September 18
06:06 2013

By Ada Zhang
Staff Writer

The Baylor Alumni Association board members did not make any concrete decisions regarding the future of the BAA during their phone conference meeting this past Saturday.

This was the 10th time the BAA board has met since May 31, BAA President Collin Cox said, and the board plans to meet again within a couple of weeks. Cox said the meeting will be in person in Waco. The exact date and time of the meeting has not been set.

Despite the lack of progress on Saturday, Cox said the purpose of the meeting was to conduct an open discussion.

Previous BAA directors requested to participate, so they were included at the beginning of the discussion, Cox said.
Further into the meeting, Cox said the discussion became private and exclusive to current board members only.

The goal of the meeting, Cox said, was to give everyone a chance to be heard.

“The purpose wasn’t to come to final conclusion — it was just to start talking about it,” Cox said. “We’re trying to hear from as many people as we can.”

Cox said the BAA is currently in the “talking phase.”

The fate of the BAA and official BAA magazine, The Baylor Line, remains uncertain for now.

As the Lariat previously reported, the BAA voted to decline a Transition Agreement on Sept. 7, which would have dissolved the BAA into the university. A new licensing agreement would have been written to allow “The Line” continual use of the Baylor brand.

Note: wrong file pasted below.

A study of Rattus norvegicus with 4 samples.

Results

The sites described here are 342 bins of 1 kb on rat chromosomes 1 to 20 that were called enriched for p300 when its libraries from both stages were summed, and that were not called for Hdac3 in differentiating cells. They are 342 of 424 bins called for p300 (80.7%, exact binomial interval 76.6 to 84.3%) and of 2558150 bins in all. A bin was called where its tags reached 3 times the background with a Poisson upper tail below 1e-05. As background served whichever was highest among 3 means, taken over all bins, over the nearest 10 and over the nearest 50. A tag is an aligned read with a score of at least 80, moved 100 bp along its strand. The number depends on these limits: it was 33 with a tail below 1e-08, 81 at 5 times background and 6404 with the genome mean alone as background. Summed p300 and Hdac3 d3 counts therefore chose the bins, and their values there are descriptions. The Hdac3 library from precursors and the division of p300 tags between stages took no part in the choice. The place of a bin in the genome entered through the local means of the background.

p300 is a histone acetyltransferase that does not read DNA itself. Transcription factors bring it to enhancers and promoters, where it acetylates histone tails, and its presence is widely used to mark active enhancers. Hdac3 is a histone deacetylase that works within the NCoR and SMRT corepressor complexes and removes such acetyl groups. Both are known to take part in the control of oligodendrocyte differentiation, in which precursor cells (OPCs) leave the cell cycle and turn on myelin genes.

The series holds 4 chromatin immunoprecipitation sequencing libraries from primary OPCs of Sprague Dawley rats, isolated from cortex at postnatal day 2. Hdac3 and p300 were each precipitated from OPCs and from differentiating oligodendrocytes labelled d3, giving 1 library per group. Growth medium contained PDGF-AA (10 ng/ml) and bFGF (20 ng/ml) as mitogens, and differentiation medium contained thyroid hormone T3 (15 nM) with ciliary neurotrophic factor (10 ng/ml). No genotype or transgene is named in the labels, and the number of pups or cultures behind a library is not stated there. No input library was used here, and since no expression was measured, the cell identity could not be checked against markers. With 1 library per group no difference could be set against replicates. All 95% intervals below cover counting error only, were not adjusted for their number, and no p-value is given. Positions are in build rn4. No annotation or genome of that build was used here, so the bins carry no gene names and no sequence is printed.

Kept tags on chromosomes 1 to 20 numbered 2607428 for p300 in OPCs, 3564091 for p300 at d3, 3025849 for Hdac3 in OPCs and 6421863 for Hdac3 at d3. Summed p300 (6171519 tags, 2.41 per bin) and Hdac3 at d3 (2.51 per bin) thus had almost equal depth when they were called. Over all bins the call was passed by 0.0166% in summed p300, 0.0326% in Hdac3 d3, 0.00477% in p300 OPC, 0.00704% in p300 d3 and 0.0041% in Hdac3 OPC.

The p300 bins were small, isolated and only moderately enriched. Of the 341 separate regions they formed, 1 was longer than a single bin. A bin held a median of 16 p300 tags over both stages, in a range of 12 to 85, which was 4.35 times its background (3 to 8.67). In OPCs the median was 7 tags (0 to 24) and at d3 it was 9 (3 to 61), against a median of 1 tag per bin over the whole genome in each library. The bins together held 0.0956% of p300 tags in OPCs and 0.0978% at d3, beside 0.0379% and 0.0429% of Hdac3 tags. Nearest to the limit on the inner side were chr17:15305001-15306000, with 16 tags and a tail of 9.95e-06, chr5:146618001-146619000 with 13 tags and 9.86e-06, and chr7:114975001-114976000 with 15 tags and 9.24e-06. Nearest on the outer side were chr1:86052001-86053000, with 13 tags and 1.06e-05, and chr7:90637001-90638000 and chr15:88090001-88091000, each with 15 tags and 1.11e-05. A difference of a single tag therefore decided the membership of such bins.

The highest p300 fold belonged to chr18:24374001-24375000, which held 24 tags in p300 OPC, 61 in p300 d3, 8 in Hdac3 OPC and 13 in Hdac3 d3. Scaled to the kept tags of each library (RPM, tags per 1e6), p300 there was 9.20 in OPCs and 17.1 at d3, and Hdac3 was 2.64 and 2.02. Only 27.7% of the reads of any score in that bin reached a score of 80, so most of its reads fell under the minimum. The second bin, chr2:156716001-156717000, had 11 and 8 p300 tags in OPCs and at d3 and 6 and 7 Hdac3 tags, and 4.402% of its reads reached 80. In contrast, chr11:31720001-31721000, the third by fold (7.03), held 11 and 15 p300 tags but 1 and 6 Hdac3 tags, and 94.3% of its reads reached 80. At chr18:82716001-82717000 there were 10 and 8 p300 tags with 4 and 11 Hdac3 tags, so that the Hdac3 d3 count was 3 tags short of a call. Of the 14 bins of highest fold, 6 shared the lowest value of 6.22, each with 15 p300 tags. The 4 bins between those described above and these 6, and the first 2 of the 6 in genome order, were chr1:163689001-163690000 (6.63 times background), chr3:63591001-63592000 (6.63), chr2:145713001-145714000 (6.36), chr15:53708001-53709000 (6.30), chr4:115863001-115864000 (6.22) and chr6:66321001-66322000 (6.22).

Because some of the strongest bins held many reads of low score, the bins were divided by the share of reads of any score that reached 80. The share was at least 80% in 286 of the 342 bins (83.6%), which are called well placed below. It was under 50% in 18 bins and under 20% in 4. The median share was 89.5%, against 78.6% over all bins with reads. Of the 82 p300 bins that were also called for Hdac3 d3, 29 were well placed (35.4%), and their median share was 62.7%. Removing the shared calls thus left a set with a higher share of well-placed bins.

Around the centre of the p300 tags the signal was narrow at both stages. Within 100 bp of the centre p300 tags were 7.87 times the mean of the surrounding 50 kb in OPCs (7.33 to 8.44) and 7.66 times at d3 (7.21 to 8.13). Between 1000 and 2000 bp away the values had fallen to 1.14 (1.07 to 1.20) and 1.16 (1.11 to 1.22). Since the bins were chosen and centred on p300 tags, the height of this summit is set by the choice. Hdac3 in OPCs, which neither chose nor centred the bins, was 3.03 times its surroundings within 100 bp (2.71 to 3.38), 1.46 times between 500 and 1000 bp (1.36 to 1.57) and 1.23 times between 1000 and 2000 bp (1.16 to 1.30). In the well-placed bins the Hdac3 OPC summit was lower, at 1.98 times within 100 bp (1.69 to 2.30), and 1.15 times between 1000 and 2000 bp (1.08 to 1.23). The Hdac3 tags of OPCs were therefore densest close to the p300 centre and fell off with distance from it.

Since the vote failed to achieve the two-thirds yes vote majority needed to pass the agreement, however, the university officially terminated the 1993 licensing agreement on Sept. 8. This termination also applies to “The Line.” The university had notified the BAA on May 31 of the pending termination.

The licensing agreement allowed the university to control quality, meaning the university has the right to review “The Baylor Line” magazine before publication to ensure adherence to trademark policies.

The agreement did not, however, give the university editorial control over the BAA.

The agreement said the BAA’s independent voice was understood and positions taken by the BAA, even those contrary to Baylor administration or its Board of Regents, are not to be taken by the university as grounds for termination.

Starr also explained in an email to the Baylor community that although the agreement did not pass, the university is going forward with many changes outlined in the Transition Agreement.

The Baylor Alumni Network is now in charge of the Heritage Club, Lifelong Learning and marketing of Baylor’s Official Ring program, Starr said. These programs and services were previously managed by the BAA.

Cox said there are many opinions on how the BAA ought to move forward, which is why the meeting on Saturday was important.

“It was a chance to start talking through the various things we have to determine,” Cox said. “We want to proceed in a deliberate and careful way.”